5:2 – habit reinforcement & the reframing of rationing?

Having looked at research into habits recently, the question arises are there any effective short-cuts to pro-social habits. The one that seems to be growing due to its simplicity is living a 5:2 life – the concept of intermittent fasting or deferred gratification in various areas of life.  This has been the subject of a series of articles in the Guardian and a follow-up book by Emma Cook. In the first publication Oliver Burkeman sets out how the current  approach arose: “Fast Diet, also known as the 5:2 Diet, the eating plan first detailed in a BBC2 documentary last summer and then in a bestselling book, by the journalists Michael Mosley and Mimi Spencer….. it entails eating very small amounts of food (600 calories for men, 500 for women) on two non-consecutive days of the week, and consuming whatever you like on the other five”.

This approach has now been applied in those aforementioned publications to cover a much wider group of human activity:

  • Diet
  • Drink
  • Fitness
  • Productivity
  • Finance, spending and saving
  • TV and screen gadget use
  • Relationships
  • Worry
  • Environment

This makes it very interesting as a simple and consistent concept, a bit like 80/20 pareto principles, that can be applied more widely. This is the sort of approach that the Behavioural Insights Team EAST methodology encourages. As something that has only been around as a well-known concept for 2 years, there is not yet enough research on its effectiveness. However bearing in mind what we already know about habits, a principle that can help to create easy to establish long-term new habits is to be welcomed. What does look interesting is how something like the concept of 5:2 can be framed effectively in communications terms to reach out across often clashing values.  For example:

  • Safety and security values – it is a simple ‘rule’ and not about complicated or new-fangled activity  – it can even be called a ‘fast’ or ‘rationing’ to make it sound more traditional to some
  • Self-esteem values – it can be done as part of a group so social proof and social norms apply and there can be an elements of competition built into it too
  • Self-actualising values – it can be promoted as a broadly ethical choice in reducing waste without having to give up everything

A crucial point that advocates of 5:2 make is that all the its areas are potentially complementary and synergistic so that with the best 5:2 activities (eg taking up cycling) it’s impact can be assessed across a range of benefits (Emma Cook in her book calls this the ‘linked benefits’of 5:2):

  1. Money saving
  2. Efficient and productive
  3. Health and fitness benefits
  4. Environmental benefits
  5. Well-being benefits

From a values perspective one could see 1. being motivational to those with safety & security and self-esteem values; 2. and 3. motivational for those with self-esteem values; and 4. and 5. motivating most to those with self-actualising values. Indeed it is possible to see it in future used by some politicians to reframe the concept of ‘modern rationing’ as part of a “5:2 Economy” in a lower growth society as an alternative to the existing austerity narrative. The usual narrative is one of ‘living within ones means’ and talks of debt in terms of household spend such as mortgages without recognising the difference between the relative short-term of an individual household and the long-term of a state. A 5:2 economy approach could thus respond to that at the level of the household narrative. This could unite those with safety and security values who might accept some ‘fairly constructed  forms of rationing’ with those who had self-actualising values who would accept the concept too but for ethical or environmental reasons. In doing that it would need to be recognised that those with self-esteem values would be much less initially amenable to this. However they are also more likely to then later accept any social norms that emerge.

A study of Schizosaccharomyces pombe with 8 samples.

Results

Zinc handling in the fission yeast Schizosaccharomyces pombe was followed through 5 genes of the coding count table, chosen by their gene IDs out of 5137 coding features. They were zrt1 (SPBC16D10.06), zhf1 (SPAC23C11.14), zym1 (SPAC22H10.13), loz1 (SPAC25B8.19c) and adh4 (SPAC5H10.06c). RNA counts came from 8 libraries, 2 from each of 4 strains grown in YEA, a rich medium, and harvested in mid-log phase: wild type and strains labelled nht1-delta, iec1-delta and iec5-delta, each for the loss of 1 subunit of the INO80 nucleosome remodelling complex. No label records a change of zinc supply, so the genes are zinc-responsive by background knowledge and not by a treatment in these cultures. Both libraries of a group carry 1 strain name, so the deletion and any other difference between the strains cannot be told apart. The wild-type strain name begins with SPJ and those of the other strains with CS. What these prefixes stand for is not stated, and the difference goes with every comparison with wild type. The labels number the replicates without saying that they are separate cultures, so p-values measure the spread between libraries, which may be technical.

From the above assessment, 5:2 approaches could be expanded into more collective and community based public health and public policy areas such as:

  • Co-production – expanding the opening times of some public services with support from volunteers without cutting back or threatening the livelihoods of staff
  • Corporate Social Responsibility – companies could seek to set out a CSR 5:2 commitment in some areas they work in
  • Community group activity – groups could develop approaches that are from time to time different to what they normally do, thus expanding local community networks and reciprocation between groups to increase community resilience. For example those who focus a lot on one specific community campaign might want to build time to work on another to more effectively learn from that new experience
  • Saving and Giving. The existing 5:2 ideas already flagged up above could be looked at as an area where public information campaigns encourage saving and giving for certain income streams using 5:2 to establish a social norm

I’m sure there could be other areas that could be thought up in the coming year to add to this approach to creating further community level pro-social habits.

5:2 life‘ could be much more effective than the ill-fated Big-Society as it could encourage community involvement without it implying it being a cuts agenda or leading to volunteer burn-out as it makes change manageable and personal commitment time-limited. That is always a good way to start both a new collective and a new individual habit.

Charlie Mansell is Research and Development officer at The Campaign Company. You can read more about our behaviour change work here and our work into values here.